The resort for years enjoyed a flow of guests from China who are lured by its beautiful stretch of beach, lagoon, sea activities and top class golf course.
It also won rave reviews from industry observers.
But amid all the good business, the management of the hotel learnt a very valuable lesson when business turned for the worse after arrivals from China dropped sharply due to the incidences in 2013 and 2014.
Its marketing team has not diversified its business targets.
"At the moment, we are still struggling," said General Manager Peter Sprenger.
"We are still struggling to maintain ourselves."
As the tourism industry is expecting to be back on the rails this year, the resort currently held a steady number of occupancy from around 60 per cent to 80 per cent at present.
But it no longer depended on the Chinese arrivals, but also lean on a steady number of European, Australian and the Japanese visitors.
Sprenger is not a new face to Nexus Resort Karambunai, having served in the same capacity from 2006 to 2010, he returned in 2014 due to the insistence of the "owners" and the "fantastic sunset and tranquillity".
Despite running a restaurant and hotel operations in Langkawi with his wife, he returned to Nexus, hoping to get it back to profitability. His wife is now running the whole show in the peninsula.
The laid back 70-year-old was immediately on the job, starting first on several remodelling works, hiring new people onboard and roped in a new executive chef.
"We are in the midst of relaunching the resort. We are trying to update the hotel to today's standards and return it to profitability and be one of the best," he said.
While 50 per cent of the renovation works have been completed, covering rooms and mostly public areas like the Kingfisher Restaurant, The Penyu Restaurant and the Noble House Chinese restaurant, all remodelling works will be completed by end of the year, he said.
"After the completion of the Sunset Bar end of this month, we are moving to the banquet and redo the convention area.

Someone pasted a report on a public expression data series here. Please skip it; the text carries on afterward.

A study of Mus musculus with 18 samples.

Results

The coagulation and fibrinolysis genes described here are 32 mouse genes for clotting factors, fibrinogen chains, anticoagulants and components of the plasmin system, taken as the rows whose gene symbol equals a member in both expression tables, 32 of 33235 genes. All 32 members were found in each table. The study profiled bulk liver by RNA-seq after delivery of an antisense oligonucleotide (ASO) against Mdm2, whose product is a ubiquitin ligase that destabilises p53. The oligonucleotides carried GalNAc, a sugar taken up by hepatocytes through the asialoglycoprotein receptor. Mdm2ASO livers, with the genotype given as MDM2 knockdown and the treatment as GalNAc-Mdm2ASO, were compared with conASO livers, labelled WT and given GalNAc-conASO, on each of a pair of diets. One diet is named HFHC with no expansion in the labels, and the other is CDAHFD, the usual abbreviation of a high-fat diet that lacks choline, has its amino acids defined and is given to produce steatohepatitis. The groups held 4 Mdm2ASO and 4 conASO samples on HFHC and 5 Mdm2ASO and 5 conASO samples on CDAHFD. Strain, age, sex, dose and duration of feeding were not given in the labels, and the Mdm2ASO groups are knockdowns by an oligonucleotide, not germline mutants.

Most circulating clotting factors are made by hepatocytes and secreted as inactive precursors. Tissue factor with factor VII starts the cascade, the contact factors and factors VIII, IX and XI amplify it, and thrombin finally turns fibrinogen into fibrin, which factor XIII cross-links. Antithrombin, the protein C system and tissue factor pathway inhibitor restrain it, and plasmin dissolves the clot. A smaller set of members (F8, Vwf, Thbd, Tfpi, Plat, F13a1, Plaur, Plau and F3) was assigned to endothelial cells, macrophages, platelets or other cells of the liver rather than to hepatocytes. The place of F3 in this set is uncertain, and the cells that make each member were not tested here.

"This will take a few months but that will be our last project," Sprenger said, adding that much of the designs will incorporate more class, style and loads of wood.
But that is not the only changes that are expected to come.
According to Sprenger, traditional shows are now held everyday, as opposed to once or twice a week previously. He also plans to restart a conservation programme and herb garden project to boost the resort's day-to-day operations.
On top of that, Sprenger also hired a local Sabahan to be the Executive Chef, perhaps the State's first, who already had all the resort's old menu changed with a new one.
Brian Chong, 38, was roped in about six months ago and has already prepared a list of specialties into all the restaurant's menu, including fronting the traditional "Hinava" dish.
Sprenger maintained the local pick was an advantage for the resort as Chong also able to identify with the local cuisines.
"It's not that we are looking for a local. We are looking at the capacity of the individual. Brian has worked in many areas and has a good culinary background," he said.
Meanwhile, he noted that the implementation of the Goods and Services Tax will only have a minor impact on the resort's operation, saying it has been a norm for hotels to charge 10 per cent atop of a six per cent government tax.
Sprenger said Nexus Resort Karambunai plans to be more socially involved and host more social events or other events like photo shoots or fishing tournaments, and also be part of the local community.
At the same time, it also wants to keep the tranquillity of the environment, he added.
Nexus Resort Karambunai was opened in 1997 and at present has over 500 staff to look after the 3,355 acres of land, where the hotel only made up a third of the land size.
The resort has over 400 rooms and a banquet hall that could cater for over 1,000 guests at one time.